March 28, 2023

Metaverse Highlights: Week of March 28, 2023

This week comes with important developments for the metaverse sector. First, Nvidia and Microsoft are partnering on an AI-powered virtual world service that could reshape digital experiences as we know them. Second, three court cases are shaking up the industry: celebrities being charged with promoting crypto without disclosing that they were compensated for doing so, the SEC’s case against Coinbase, and the legal victory of Kevin McCoy, the artist who is widely credited with creating the first NFT. 

Together, these cases might form the basis of jurisprudence for the metaverse – for crypto, web3 infrastructure, and NFT ownership. Meanwhile, the integration of AI and the metaverse continues to happen: the metaverse platform Oncyber’s new feature allows users to customize their virtual environments with the help of ChatGPT without any coding skills. 

These three trends – major firms strengthening their interest in the metaverse, court decisions laying the foundations of a regulatory landscape, and the fusion of AI and metaverse capabilities – are some of the most important to watch in 2023.


The bottom line: The alliance will see Microsoft’s cloud computing platform, Azure, host Nvidia’s suite of internet services for building and operating hyper-realistic virtual worlds called Omniverse Cloud, as well as Nvidia DGX Cloud. The latter is a new offering described as an artificial intelligence (AI) supercomputing service that gives enterprises instant access to the infrastructure and software needed to train advanced models for generative AI.

The bottom line: The Securities and Exchange Commission said Wednesday it had charged a handful of celebrities — including the internet provocateur-turned-professional boxer Jake Paul and actress Lindsay Lohan — with promoting cryptocurrencies without disclosing that they were compensated for doing so. Paul, Lohan, the former teen heartthrob Austin Mahone and the rapper Soulja Boy (whose legal name is DeAndre Cortez Way) were among eight celebrities the SEC said had illegally promoted cryptocurrencies Tronix (TRX) and BitTorrent (BTT).

The bottom line: News of the U.S. Securities and Exchange Commission’s action against Coinbase, the number one cryptocurrency exchange in the United States, spread like wildfire through the crypto community, prompting an existential debate over what it could mean for cryptocurrency in the United States. “It should be crystal clear by now that the Biden Administration wants all crypto—even the legit parts of it—run out of the U.S.,” tweeted Custodia Bank founder and CEO Caitlin Long

The bottom line: We might be in a bearish climate for crypto, but the Australian Open is one of the most interesting examples of web3 being used by a mainstream brand. For years, in abstract terms, crypto enthusiasts have theorized how NFTs could help traditional brands engage with customers. The Australian Open is now doing that.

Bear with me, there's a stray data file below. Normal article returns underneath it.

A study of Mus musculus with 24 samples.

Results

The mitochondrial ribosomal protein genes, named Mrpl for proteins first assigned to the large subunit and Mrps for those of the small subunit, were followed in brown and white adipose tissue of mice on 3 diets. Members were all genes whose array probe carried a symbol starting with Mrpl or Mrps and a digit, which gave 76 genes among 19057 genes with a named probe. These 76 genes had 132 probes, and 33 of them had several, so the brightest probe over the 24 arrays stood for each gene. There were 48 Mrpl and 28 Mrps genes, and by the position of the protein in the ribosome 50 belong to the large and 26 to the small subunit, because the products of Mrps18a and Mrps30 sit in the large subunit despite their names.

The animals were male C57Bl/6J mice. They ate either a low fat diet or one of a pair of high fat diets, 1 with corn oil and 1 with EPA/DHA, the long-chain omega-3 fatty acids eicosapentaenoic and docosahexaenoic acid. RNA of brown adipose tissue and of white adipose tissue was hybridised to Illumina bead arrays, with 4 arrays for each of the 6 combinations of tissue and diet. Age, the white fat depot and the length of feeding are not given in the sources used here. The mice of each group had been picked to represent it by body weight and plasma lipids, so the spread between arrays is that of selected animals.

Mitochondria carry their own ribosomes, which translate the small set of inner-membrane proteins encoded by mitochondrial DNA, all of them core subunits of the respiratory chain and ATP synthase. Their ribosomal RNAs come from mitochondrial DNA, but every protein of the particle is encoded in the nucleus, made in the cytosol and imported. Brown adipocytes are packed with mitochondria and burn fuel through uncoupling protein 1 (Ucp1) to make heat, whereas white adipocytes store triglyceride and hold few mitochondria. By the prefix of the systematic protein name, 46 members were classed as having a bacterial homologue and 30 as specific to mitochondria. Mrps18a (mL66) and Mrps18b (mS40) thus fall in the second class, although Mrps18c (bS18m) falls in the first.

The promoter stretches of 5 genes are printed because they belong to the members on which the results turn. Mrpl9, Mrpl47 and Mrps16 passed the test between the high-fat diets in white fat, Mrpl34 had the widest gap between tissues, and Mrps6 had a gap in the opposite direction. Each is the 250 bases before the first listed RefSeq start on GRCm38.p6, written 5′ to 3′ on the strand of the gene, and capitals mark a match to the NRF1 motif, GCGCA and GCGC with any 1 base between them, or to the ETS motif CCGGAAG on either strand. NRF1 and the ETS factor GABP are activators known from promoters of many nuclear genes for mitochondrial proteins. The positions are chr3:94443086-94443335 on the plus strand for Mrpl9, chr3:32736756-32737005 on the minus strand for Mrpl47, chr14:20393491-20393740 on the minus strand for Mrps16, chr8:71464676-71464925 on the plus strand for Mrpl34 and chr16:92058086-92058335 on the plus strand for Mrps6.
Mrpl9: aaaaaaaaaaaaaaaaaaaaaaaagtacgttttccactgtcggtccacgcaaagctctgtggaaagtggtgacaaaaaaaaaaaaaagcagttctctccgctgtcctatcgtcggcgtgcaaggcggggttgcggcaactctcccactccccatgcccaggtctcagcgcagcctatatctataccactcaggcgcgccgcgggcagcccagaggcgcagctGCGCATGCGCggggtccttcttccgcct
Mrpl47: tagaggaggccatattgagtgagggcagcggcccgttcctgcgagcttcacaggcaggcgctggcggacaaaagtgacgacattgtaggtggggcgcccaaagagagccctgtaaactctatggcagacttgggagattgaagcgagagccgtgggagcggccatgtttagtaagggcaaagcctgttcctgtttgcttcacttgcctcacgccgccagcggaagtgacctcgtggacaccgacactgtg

The bottom line: Kevin McCoy, the artist widely credited with creating the first NFT, and auction house Sotheby’s have won a legal victory in a lawsuit that challenged the terms and propriety of a 2021 sale at which the token sold for $1.47 million. U.S. Magistrate Judge James L. Cott dismissed a lawsuit in a detailed 43-page decision issued March 17 that marks one of the first important tests surrounding NFT ownership and is likely to set a precedent going forward.

The bottom line: The powerful metaverse platform Oncyber welcomed AI tech with open arms for its latest innovative feature: Magic Composer. This virtual tool uses ChatGPT 3.5 to help users customize their metaverse surroundings via text prompts. Artists and collectors can upgrade their Web3 environment with top NFTs, landscapes, NFT galleries, and more without coding skills.

The bottom line: Ava Labs has raised about $640 million, according to Crunchbase, and is backed by firms like a16z and Polychain Capital. Ava Labs created the layer-1 blockchain Avalanche, a platform that lets developers build multifunctional blockchains and decentralized applications with a focus on speed and low transaction costs. In recent months, Ava Labs has announced a number of partnerships with major brands and companies, like Amazon Web Services

The bottom line: A couple of years shy of its centenary, Paris’ Le Bristol hotel is making its web3 debut with the launch of Le Bristol Unlocked, 11 exclusive NFTs (the number corresponds to the hotel’s 11 signature suites), which will unlock money-can’t-buy experiences in the real world. While the exact nature of said experiences remains under wraps, they revolve around “gastronomy, service, and hospitality — things that even the guests of the hotel cannot do and have never been done before,” says Thomas Matteï, who spearheaded the project.

The bottom line: How exactly does digital clothing work? The customer selects the desired piece of digital clothing, uploads a photo of themselves using specific guidelines, and completes the payment. The shopper then receives the final product, an image of themselves with their digital garment overlaid and ready to be shared online.

The bottom line: AREA15, an immersive art and entertainment district in Las Vegas, welcomed over three million visitors last year. According to data from, a leader in location analytics and foot traffic data, it was the most-visited attraction in the US. Winston Fisher, CEO of AREA15, said: “It’s humbling to have tripled our year-over-year visitors in 2022. As we look ahead to 2023 and beyond, I’m thrilled to look forward to welcoming millions more visitors to the expanding District.”